The origin of this artistic symbol is found both in the Old and New Testament.
One of the easiest identifiers of St. Peter in Christian art has become a large set of keys. This applies both to paintings of the first pope and to statues.
Why is that?
First of all, St. Peter is visually represented with keys in reference to the following words of Jesus, “I will give you the keys to the kingdom of heaven. Whatever you bind on earth shall be bound in heaven; and whatever you loose on earth shall be loosed in heaven” (Matthew 16:19).
Jesus speaks these words to St. Peter, granting him a special authority to lead the Church after he ascends into Heaven.
The symbolic language of Jesus is not the first time keys are mentioned in the Bible, as it first shows up in the book of Isaiah.
I will place the key of the House of David on his shoulder;what he opens, no one will shut,what he shuts, no one will open. (Isaiah 22:22)
Thomas Smith explains in a reflection for Ascension Press that, “In Isaiah 22, we discover one of the tasks of the prime minister of the Davidic Kingdom (called the al bayit in Hebrew) is to “carry the keys,” symbols of authority over the house of David. This sacred stewardship allowed the vicar of Judah’s king to open what others had shut and to close what had been opened.”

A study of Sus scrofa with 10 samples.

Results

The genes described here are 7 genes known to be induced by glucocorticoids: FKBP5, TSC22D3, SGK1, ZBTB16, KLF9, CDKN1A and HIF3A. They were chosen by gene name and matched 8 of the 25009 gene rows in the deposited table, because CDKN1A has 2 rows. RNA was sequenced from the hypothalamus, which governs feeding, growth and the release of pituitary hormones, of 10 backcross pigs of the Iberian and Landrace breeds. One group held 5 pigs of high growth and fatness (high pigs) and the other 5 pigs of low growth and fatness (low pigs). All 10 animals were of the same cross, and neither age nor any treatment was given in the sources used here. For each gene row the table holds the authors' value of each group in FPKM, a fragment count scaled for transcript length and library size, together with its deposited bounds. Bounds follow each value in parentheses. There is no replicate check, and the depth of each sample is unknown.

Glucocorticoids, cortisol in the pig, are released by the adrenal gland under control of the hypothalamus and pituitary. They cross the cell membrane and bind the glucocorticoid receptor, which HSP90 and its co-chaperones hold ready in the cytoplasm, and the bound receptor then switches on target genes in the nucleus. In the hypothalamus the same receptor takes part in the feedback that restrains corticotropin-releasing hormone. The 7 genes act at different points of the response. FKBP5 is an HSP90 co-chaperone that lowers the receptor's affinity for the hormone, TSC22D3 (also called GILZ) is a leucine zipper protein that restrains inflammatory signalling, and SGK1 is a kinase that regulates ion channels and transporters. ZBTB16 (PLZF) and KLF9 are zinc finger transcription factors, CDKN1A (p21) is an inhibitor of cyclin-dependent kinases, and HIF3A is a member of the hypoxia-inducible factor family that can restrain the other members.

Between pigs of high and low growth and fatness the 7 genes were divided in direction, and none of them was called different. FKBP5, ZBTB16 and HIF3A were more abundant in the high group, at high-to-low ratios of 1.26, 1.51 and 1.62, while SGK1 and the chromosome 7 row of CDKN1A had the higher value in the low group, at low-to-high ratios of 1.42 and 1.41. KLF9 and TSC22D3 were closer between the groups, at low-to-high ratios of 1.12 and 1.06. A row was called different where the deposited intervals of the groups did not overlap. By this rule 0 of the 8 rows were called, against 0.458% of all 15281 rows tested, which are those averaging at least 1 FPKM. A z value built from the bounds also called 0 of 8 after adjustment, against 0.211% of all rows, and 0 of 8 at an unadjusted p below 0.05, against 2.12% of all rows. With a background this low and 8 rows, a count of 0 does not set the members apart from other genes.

Jesus uses this imagery in a deliberate manner, bestowing upon St. Peter a particular authority over his Church.
The Catholic Encyclopedia summarizes all that “the power of the keys” entails.
Thus understood, the potestas clavium includes– the power of order, namely power exercised in regard to sacrifice and sacrament,– the power of jurisdiction, and– the power to define in questions of faith and morals.
Artists also had their own intentions with the portrayal of the keys, visualizing their own interpretation of Jesus’ promise to St. Peter, as described by Elizabeth Goldsmith in her book, Sacred Symbols in Art.
It is not until about the eighth century that the keys become his peculiar symbol. Sometimes he has one great key, but usually he carries two keys, one of gold and one of silver—to absolve and to bind—or according to another interpretation one is of gold for the gates of heaven, the other of iron for the gates of hell. The legend that makes St. Peter the keeper of the gate of Paradise, having power to grant or refuse admission, found its origin in the delivery of the keys to St. Peter.
Keys remain a very important symbol, not only for St. Peter, but also his successor the pope as well as for the Vatican, where the pope resides.